Why you shouldn’t suck prawn heads during an Italian Christmas feast

Juicy prawns are a central part of a traditional Christmas feast in many parts of Italy, and for many Italians, sucking on the freshly removed head is the very best part.

Why you shouldn't suck prawn heads during an Italian Christmas feast
Photo: Unsplash/Daniel Klein
But you may want to think twice before trying this local custom yourself as health authorities in Spain, where the custom is even more widespread, have warned that it's not safe.
The Spanish Food & Safety Agency, (AESAN) issued an advisory warning diners not to suck the heads of such shellfish because of the health risks associated with cadmium.
Concentrated levels of cadmium (Cd) a heavy metal associated with zinc, copper and lead, are found in the dark meat of shellfish such as prawns, crab and lobster, but cannot be processed by humans and can cause problems in the liver and kidneys.
The metal accumulates in the human body over a period of between 10 and 30 years, and has been classed a category 1 carcinogen by the International Agency for Research on Cancer (IARC).
It can cause renal problems or liver damage, demineralization of bones and in the worst case, cancer.

It is also present in high levels in the edible offal of animals, such as kidneys and livers.

In prawns these organs are found in the ‘head’ part – which is considered a delicacy in Italy and Spain.

READ ALSO: Six quirky Italian Christmas traditions you should know about

While the food eaten at Christmas and New Year in Italy can vary greatly from region to region, seafood often features heavily – especially in the south and islands.

The head is pulled off and sucked on before the body is peeled and the white meat consumed.




Hospital food usually leaves a lot to be desired - but some patients say things are different in Italy.

Three courses and white tablecloths? What Italian hospital food is really like

It’s safe to say that the majority of people preparing for a hospital stay anywhere in the world won’t be expecting much from the food.

But in Italy, some international residents report being pleasantly surprised by the meals they’ve received while in hospital.

READ ALSO: ‘Public vs private: What are your healthcare options in Italy?’

Is decent food to be expected, given Italy’s culinary reputation and its highly-regarded public healthcare system? Or are these patients just a lucky minority?

The Local recently asked readers for their views, and the response was very mixed.

The majority of people who responded to our question about hospital food in Italy rated it as ‘poor’ (25 people) or ‘average’ (17 people).

13 readers rated hospital food in Italy as ‘good’ and four even described it as ‘delicious’. Seven people, however, said they found it inedible.

Sharri Whiting in Umbria says the meals she was served in Italian hospitals were “better than food at US hospitals. Fresher, less institutional.”

“I’ve had white tablecloths set up before the meal comes,” she says.

“Care is taken to provide well-prepared and balanced food,” says Emilia–Romagna resident Jacqueline Gallagher, 66, and 61-year-old Susie Carpanini in Tuscany says the food is “simple and nourishing”.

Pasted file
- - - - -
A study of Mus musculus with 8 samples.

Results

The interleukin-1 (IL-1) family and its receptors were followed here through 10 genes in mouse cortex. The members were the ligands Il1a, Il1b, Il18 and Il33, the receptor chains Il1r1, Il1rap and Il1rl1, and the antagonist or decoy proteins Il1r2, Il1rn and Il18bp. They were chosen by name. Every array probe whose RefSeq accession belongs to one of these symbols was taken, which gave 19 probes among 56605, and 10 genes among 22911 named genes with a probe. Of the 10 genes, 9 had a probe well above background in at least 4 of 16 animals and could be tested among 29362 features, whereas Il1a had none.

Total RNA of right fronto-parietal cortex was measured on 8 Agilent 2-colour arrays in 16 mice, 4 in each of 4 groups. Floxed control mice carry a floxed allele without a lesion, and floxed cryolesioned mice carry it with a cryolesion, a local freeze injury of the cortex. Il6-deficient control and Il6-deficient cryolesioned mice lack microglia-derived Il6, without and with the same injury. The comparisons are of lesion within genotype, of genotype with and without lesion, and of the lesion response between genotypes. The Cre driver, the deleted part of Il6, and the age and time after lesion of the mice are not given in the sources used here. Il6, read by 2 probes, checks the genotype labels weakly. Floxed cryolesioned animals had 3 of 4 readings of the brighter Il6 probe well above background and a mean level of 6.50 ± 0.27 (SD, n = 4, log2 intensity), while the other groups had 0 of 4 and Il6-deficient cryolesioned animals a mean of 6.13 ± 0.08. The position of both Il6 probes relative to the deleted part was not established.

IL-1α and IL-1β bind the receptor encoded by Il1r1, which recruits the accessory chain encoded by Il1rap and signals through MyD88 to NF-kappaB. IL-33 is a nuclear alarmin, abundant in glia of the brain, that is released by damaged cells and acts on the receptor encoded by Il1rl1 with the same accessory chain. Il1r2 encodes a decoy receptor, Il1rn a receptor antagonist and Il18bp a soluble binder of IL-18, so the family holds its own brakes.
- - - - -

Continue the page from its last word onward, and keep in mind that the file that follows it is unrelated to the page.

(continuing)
‘Like in the Autogrill’

“Good variety and tasty,” says Charles Ippoliti, 68, in Piedmont. “Italian food is always better,” says 58-year-old Flavio S. in Lecce, Puglia.

“We found a bar, like in the Autogrill, and the food was fine,” says Davide Bennet, comparing hospital food to that found at Italian motorway service stations.

Many recommend asking friends and family to bring in meals from outside – noting that this is what Italians do – though one reader found this wasn’t necessary.

“I used to take my husband lunch every day (being used to English hospitals) but he was given three courses and preferred their meals to mine!” says 74-year-old Sarah Balmer in Casentino, Tuscany.

READ ALSO: ‘Very professional but underequipped’: What readers think of Italy’s hospitals

Sarah’s husband isn’t alone, as one anonymous 64-year-old reader in Lucca, also in Tuscany, judges Italian hospital food to be “far superior to UK hospitals.”

But 73-year-old Ian Hesketh in Alberobello, Puglia, reports the opposite: “Compared to the UK the food standard is horrendous.”

And Kenneth Treves in Le Marche comments that Italian hospital food is “awful, but I didn’t die of it.”

Hospital meals in the US and UK – better or worse than Italy’s? Photo by Go Nakamura /Getty Images/AFP.

Overall, few of those who responded to the survey were particularly impressed, often describing the food as “bland” or “carb-heavy”.

Jennifer, a 73-year-old resident of Bagni di Lucca, Tuscany, describes “the standard invalid food of white, white, white,” though it was “easy to digest and gave me enough nutrition for what was needed at the time.”

Willem-Jan Kuiper, 59, in Le Marche, had “overcooked semolina and pasta without any sauce” and “almost no protein”.

‘No fresh fruit or vegetables’

There’s “basically nothing edible,” says Joanne Berger, 58, in Montecatini Val Di Cecina.

A few readers highlighted a lack of options for patients with dietary restrictions.

“As a lifelong vegetarian I suffered in Terni in 2016…it took a while for them to understand and the answer was a slab of cheese on a plate,” says Paul Harcourt Davies, 73.

67-year-old Greg Hopkins in Colico, Lombardy, says the small hospital where he was treated “didn’t have the ability to provide for dietary preferences such as gluten free.”

“One could leave fatter and with scurvy,” says an anonymous 61-year-old patient in Arezzo, Tuscany.

Readers may not rate the food in Italian hospitals, but importantly most of you agreed that the standards of care were high.

Thanks to everyone who took part in our survey.